To recap history; the fast of Asara b’Teves marks the beginning of the final siege of Jerusalem. On 17 Tamuz the walls were breached; and on 9 Av, the Temple was sacked and destroyed.
Asara b’Teves has a quirk to it in Halacha. The BeHaG, a late Rishon, ruled that the fast on the tenth if Teves is observed on Shabbos, and Friday too. This never occurs with our fixed calendar, but with the fluctuating calendar it could. The same is not true of any other fast, barring Yom Kippur – what is markedly different about Asara b’Teves that it could be observed in Shabbos?
A story is told of a sad old gentleman, one Shabbos afternoon in the city of Psyszcha. Noticing his despondency, R’ Simcha Bunim ambled over to him, and told him that sadness has no place on Shabbos. “Rosh Chodesh and Yom Kippur, Shabbos steps aside. But not for Tisha b’Av!”
Sadness has no place on Shabbos – so again, why does Asara b’Teves have the capacity to override regular Shabbos observance?
The Shulchan Aruch records the law that for certain types of bad dreams, a person can and should fast (if they are bothered by what they saw). Such a fast can be observed even on Shabbos, also overriding regular Shabbos observance. The reason for this is that for such a person, addressing his concerns and fears is his only way of having a peaceful Shabbos.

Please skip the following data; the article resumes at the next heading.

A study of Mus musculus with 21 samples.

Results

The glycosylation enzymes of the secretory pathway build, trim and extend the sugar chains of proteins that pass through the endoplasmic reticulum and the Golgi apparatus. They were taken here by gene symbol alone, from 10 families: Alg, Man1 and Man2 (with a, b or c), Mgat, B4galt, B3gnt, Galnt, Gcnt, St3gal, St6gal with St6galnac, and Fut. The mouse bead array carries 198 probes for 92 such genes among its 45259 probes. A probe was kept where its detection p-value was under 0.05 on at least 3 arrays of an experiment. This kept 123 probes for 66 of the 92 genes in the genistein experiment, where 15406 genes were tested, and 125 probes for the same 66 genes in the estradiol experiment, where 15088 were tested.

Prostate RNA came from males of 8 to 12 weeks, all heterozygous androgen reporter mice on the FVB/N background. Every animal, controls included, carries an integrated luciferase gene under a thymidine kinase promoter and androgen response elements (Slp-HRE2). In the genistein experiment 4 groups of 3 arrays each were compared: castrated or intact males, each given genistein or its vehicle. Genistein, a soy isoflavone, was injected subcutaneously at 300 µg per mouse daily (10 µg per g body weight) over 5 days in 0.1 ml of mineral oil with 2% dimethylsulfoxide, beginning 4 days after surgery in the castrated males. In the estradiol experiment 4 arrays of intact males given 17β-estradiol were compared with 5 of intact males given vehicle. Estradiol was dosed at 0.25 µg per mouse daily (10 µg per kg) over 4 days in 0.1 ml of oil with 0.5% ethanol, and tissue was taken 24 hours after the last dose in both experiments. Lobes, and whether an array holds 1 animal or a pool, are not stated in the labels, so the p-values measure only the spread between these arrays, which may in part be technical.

Dealing with such matters that require resolution is not sadness, and makes perfect sense.
There is a Gemara that states that if a generation fails to see the Temple rebuilt in their days, it is considered to have been destroyed in their days. The Chasam Sofer says that Halachically, the evaluation is very simple; if the Temple existed at that moment, would it continue to? If it is not built yet, it is because it would not last in such an environment.
The last time this evaluation generated a different outcome was Asara b’Teves – the generation failed and the siege began, setting into motion a chain of events. This lends an extra function beyond that of stirring a person to Teshuva, like a regular fast.
It then emerges why it overrides regular Shabbos observance; like the bad dream, the looming cloud disturbs and threatens us. It is a din Torah, a court case. It overrides Shabbos because it is detrimental to our Oneg Shabbos – our concern should be for its construction, may it come quickly.